How Duchenne Affects Life of Both Caregiver and Patient?

Amina Ahmad   by Amina Ahmad, MS, Biotechnology    Last updated on November 23, 2018,

dealing with dmd

 

Dealing with Duchenne Muscular dystrophy

Due to certain genetic defects, progressive muscle degeneration occurs. Defect in the genes lead to lack of dystrophin protein. The function of dystrophin is to keep muscles intact. This progressive loss of voluntary muscle leads to muscular dystrophy.

A common type of muscle dystrophy known as Duchenne muscular dystrophy (DMD) is a rare disorder observed more commonly in boys than girls. It leads to weakness and atrophy of skeletal and heart muscles which ultimately is fatal.

Perception of a Duchenne patient: Feelings and experiences

Living with Duchenne is not a very pleasant and happy experience for many. When a person is disabled, lying on bed, unable to move and is completely dependent on someone, it can be quite frustrating. Sometimes, patients feel worried and experience fear when they lose their limbs and their body organs do not function properly which result in a need to use wheelchairs or respirators. Patients observe the deteriorating quality of their life and continue to feel worse due to lack of ability to do things on their own. Duchenne patients use wheel chair for movement due to loss of ability to walk. Many patients reported lung problems which made it difficult for them to breathe.

Many Duchenne patients shared their experiences with us when asked in surveys and questionnaires. Some of them were disheartening and some were overwhelming. Of course, they agree that Duchenne is devastating for any person who is diagnosed with it. But coping up is the only option.

Patients share common experiences such as inability to stand or walk, problems in talking and eating, etc. Children with Duchenne also stated that they feel uncomfortable going to school as they do not feel normal like other children because they are not able to participate in any physical activity or are dependent on someone else.

Support for Duchenne families

Many known organizations have taken the initiative to boost the confidence of Duchenne patients. With this uplifted confidence, many patients shared that they live an extraordinary life while suffering with Duchhene. They are determined to live their lives to the fullest just like other people without Duchenne. They feel that they should go to colleges, have fun, work, plan tours, etc like any other person not suffering with a rare disease or muscular dystrophy.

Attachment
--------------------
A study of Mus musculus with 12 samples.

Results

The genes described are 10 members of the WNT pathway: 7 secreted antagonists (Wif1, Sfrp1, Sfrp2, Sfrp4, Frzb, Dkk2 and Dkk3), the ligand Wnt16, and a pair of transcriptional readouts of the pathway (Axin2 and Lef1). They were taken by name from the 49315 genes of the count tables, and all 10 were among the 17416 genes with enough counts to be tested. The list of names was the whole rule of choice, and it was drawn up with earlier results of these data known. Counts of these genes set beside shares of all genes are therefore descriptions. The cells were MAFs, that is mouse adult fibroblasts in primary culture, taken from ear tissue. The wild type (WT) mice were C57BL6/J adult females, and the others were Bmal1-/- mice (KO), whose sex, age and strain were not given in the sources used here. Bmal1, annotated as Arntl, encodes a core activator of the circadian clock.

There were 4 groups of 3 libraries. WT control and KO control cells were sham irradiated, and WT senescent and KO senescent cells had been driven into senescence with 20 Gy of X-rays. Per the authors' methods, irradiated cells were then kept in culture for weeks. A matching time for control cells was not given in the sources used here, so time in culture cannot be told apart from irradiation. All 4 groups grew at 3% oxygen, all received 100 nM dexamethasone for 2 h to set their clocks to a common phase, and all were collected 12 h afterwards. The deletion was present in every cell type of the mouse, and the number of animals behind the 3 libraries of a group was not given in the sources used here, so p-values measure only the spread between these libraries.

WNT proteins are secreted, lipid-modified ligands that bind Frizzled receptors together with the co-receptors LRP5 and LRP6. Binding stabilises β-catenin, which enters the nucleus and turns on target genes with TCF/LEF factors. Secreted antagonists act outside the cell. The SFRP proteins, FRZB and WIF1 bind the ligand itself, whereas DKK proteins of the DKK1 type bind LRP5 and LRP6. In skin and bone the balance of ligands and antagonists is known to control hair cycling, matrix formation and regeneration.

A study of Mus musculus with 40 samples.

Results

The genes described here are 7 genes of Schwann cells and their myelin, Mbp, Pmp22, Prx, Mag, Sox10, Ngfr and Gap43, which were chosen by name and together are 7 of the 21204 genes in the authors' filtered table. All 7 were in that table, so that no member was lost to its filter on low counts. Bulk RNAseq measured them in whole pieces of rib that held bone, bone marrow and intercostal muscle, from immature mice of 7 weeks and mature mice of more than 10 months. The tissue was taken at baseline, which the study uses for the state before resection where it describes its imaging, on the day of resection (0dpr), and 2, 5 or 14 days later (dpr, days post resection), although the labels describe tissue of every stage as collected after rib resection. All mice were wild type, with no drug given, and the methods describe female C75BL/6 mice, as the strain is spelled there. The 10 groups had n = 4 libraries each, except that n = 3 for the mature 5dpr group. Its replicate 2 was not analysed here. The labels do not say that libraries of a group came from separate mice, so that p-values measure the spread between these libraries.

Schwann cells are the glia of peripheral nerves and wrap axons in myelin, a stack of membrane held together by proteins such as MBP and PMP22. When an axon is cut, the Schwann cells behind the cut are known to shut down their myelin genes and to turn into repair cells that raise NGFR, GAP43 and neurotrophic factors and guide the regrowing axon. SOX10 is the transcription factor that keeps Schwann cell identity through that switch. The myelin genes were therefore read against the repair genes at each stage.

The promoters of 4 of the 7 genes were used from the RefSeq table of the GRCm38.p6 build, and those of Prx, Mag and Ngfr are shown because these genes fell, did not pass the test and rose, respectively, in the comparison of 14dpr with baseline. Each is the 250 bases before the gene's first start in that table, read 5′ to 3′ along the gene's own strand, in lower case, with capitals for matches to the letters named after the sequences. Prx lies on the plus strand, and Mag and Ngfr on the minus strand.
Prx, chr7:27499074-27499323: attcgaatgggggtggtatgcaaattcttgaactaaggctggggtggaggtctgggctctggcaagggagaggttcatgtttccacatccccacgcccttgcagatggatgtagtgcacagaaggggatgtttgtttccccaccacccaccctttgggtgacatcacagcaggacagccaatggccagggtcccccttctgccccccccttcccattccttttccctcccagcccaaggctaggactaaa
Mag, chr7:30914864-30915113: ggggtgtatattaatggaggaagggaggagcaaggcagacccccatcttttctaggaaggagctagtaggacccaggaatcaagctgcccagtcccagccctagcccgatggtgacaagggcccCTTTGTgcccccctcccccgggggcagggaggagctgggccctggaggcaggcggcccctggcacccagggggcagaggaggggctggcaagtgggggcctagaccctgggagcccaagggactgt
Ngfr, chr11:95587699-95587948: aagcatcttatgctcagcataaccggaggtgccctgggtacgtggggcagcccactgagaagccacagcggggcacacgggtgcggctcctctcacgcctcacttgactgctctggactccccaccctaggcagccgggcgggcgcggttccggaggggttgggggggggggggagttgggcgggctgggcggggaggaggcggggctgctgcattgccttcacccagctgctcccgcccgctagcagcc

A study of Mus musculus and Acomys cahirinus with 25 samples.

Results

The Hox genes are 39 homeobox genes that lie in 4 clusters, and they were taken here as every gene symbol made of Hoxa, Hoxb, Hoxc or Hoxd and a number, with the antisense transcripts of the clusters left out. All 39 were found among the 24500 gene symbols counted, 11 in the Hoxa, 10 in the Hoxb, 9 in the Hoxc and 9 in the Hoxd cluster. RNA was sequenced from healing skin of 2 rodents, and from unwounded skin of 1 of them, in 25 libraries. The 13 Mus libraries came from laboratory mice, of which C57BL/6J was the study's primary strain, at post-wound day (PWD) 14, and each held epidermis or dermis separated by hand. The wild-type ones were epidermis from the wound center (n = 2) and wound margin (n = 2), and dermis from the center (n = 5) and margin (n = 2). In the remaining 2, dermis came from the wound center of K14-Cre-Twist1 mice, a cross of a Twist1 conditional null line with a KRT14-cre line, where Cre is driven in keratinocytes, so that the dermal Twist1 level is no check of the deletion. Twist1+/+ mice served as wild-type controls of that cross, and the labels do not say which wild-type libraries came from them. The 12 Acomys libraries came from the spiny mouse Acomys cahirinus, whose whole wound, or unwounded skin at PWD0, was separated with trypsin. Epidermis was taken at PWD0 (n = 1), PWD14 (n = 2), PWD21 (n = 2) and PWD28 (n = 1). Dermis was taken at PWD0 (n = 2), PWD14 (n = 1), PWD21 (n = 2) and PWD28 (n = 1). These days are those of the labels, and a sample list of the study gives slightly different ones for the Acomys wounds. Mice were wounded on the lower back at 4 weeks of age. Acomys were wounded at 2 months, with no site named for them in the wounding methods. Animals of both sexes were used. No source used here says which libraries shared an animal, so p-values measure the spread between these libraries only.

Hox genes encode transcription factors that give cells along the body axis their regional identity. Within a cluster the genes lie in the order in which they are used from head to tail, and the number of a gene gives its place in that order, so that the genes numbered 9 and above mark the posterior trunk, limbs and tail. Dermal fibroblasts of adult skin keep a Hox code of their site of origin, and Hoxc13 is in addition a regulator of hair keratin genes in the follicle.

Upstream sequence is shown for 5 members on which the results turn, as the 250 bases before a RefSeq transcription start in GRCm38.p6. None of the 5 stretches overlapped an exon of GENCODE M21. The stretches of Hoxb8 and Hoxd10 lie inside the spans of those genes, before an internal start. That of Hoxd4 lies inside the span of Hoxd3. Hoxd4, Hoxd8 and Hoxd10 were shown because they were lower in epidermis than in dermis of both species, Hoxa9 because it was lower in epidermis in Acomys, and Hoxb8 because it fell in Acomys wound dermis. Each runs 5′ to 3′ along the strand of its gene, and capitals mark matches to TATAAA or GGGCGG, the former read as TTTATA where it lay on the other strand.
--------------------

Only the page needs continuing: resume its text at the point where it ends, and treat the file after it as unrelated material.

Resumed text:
Self advocacy is the best therapy for self-confidence while dealing with Duchenne. It is also seen that many patients commit their lives to spread awareness about the disease.

Life as a caregiver: How it feels?

Caregivers of Duchenne deserve a round of applause for taking care and being responsible for someone who is in need. Caregivers share their experiences of how they dealt with patients of Duchenne and situations they encounter. For example, many of them said that it is a tough job to manage this responsibility but love for the patient makes it easier for them to do the job.

In most cases, caregivers are parents of the patient or other family members and face multiple challenges while dealing with these neuromuscular problems. Caregivers face problems such as physiological, socio-cultural issues but it is constantly seen that they have a positive attitude towards the patient and life. Many caregivers stated that even after facing practical complications, it feels good to take that responsibility to care. It is very rare that caregivers prefer parting from the patient. 


When care-giving reaches a positive note (which may be out of love for the family member), tolerance threshold for stress in caregivers becomes nil and it does not feel like a duty or burden for them. If your family member is suffering from Duchenne, as a caregiver, you not only take care of the patient’s physical needs, but also need to care of the medical expenses, living situations, managing both (your and the patient’s) life.

Caregivers who are family members are the best and the most devoted care takers but for some patients, professional caregivers are hired. This may be done because parent caregivers (in most cases) are not that physically strong to hold and handle a young adult patient in certain situations or because the roles and responsibilities of the family caregivers change at some point of time. Professional caregivers are generally well groomed and know how to manage the patient and cater his needs.

One important responsibility of caregivers, friends and family is to support the patient to reduce his fears and worries by adjusting to his new lifestyle and by maintaining health and social well being.